Peer Review: Pittsburgh Plate Glass

The following sample Business paper is 738 words long, in MLA format, and written at the undergraduate level. It has been downloaded 503 times and is available for you to use, free of charge.

Question 1:

The name of the company analyzed in Stephen’s paper is Pittsburgh Plate Glass.  They are a glass-making corporation that began with plate glass but have expanded to include many other kinds of glass production.

Question 2:

Pittsburgh Plate Glass is recommended highly to investors.  Quantitatively they have proven to be profitable over the long run and have demonstrated an ability to grow responsibly.  They are also qualitatively a very solid company.  PPG has made an effort to provide an excellent product with excellent customer service and with organizational coaching they have also shown a great interest in taking care of their employees.  Their history of financial and personal responsibility makes them a sound investment that promises steady returns and a company an investor can be proud to be involved with.

Question 3:

PPG is recommended as an investment based initially on their sound management methods and sense of responsibility to customers and employees.  This is supported by citing PPG’s strong financial history and referencing the analysis of their liability and liquidity numbers.  The introduction doesn’t discuss what the company actually does or even what it’s full name is which seems like something that should be in the introduction just to give a sense of context.  The information provided does all apply to the paper that will follow, though it is perhaps not necessary to have included so many details.  It could have been structured differently to more clearly indicate what his specific criteria are.

Question 4:

The qualitative analysis into leadership and employee motivation is more of a history and description of the company than an actual qualitative examination of its non-quantifiable qualities.  There are also some components that would be more at home in a quantitative analysis.  I would have liked to see more discussion of management and customer service methods.  There is no clear identification of outside sources.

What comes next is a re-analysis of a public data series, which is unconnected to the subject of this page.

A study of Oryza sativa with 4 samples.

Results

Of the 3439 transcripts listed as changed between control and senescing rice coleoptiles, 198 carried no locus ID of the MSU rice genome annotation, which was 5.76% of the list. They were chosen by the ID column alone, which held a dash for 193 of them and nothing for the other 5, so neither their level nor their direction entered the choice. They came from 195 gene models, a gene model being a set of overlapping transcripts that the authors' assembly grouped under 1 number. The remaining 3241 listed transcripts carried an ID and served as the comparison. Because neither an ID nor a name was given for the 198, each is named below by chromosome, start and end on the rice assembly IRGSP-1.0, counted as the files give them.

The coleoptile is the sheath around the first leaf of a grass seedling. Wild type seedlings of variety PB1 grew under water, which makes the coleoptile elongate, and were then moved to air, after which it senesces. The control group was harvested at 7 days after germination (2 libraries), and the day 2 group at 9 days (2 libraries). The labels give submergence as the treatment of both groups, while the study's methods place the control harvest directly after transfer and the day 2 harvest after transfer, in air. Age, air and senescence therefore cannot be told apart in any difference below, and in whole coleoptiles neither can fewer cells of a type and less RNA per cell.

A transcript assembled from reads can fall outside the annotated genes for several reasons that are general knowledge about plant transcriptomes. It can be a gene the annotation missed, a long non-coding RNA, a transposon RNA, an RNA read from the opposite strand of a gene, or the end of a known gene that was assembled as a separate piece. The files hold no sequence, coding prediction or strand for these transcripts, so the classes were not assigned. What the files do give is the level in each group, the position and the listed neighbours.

Question 5:

The quantitative analysis is much better developed.  Stephen looks closely at several different aspects of PPG’s financials and discusses them in terms of investment recommendation.  He used gross margin ratio, profit ratio, debt to equity ratio, and total liabilities to total assets ratio and also focused on gross profit and total revenue figures.  He provides an objective analysis of their numbers and a comprehensive discussion of what those numbers mean to an investor.

Question 6:

The recommendation section is very brief and not very specific.  It would be more effective if, like the introduction, it had more clearly defined criteria and explained the importance of those criteria.  The recommendations are positive but vague and would have been better supported with a few detailed examples from earlier in the paper.

Question 7:

There is one graphic; it is used in the quantitative analysis section.  It is a very basic table of margins and figures.  Though it is easy to read and understand, it seems of little help to the discussion since all its date is already provided in the discussion and is more easily understand since it is presented in context.  A line graph showing performance over time in various areas seems like it would be most helpful to the points made about the company’s reliability over time.

Question 8:

There are no clear citations.  The only way to check his facts would be to do the research myself.

Question 9:

The paper wasn’t confusing at all, except a little bit at the beginning when the description of PPG didn’t come until the second section of the paper.  Overall it flows smoothly.  Including more general information in the introduction instead of in the Qualitative Analysis would help.

Question 10:

Some parts of the quantitative analysis seemed to be strangely worded.  For instance, “The other profit ratios are all used to show the relationship between an aspect of the accounting equation with Net Income” (2) is awkward to read and kind of distracting because of it.  There is also a typo in the Recommendation section: “care” instead of  “are” (4), but that is minor.  Overall it is clear.

Question 11:

The paper needs outside sources and more attention to the qualitative analysis.

Question 12:

Adding some outside sources will help with the authority of the paper.  The qualitative analysis needs much more focused attention to actually be a qualitative analysis.  The use of an over-time graphic in the quantitative section would really help illustrate Stephen’s argument that PPG’s history proves its quality as an investment.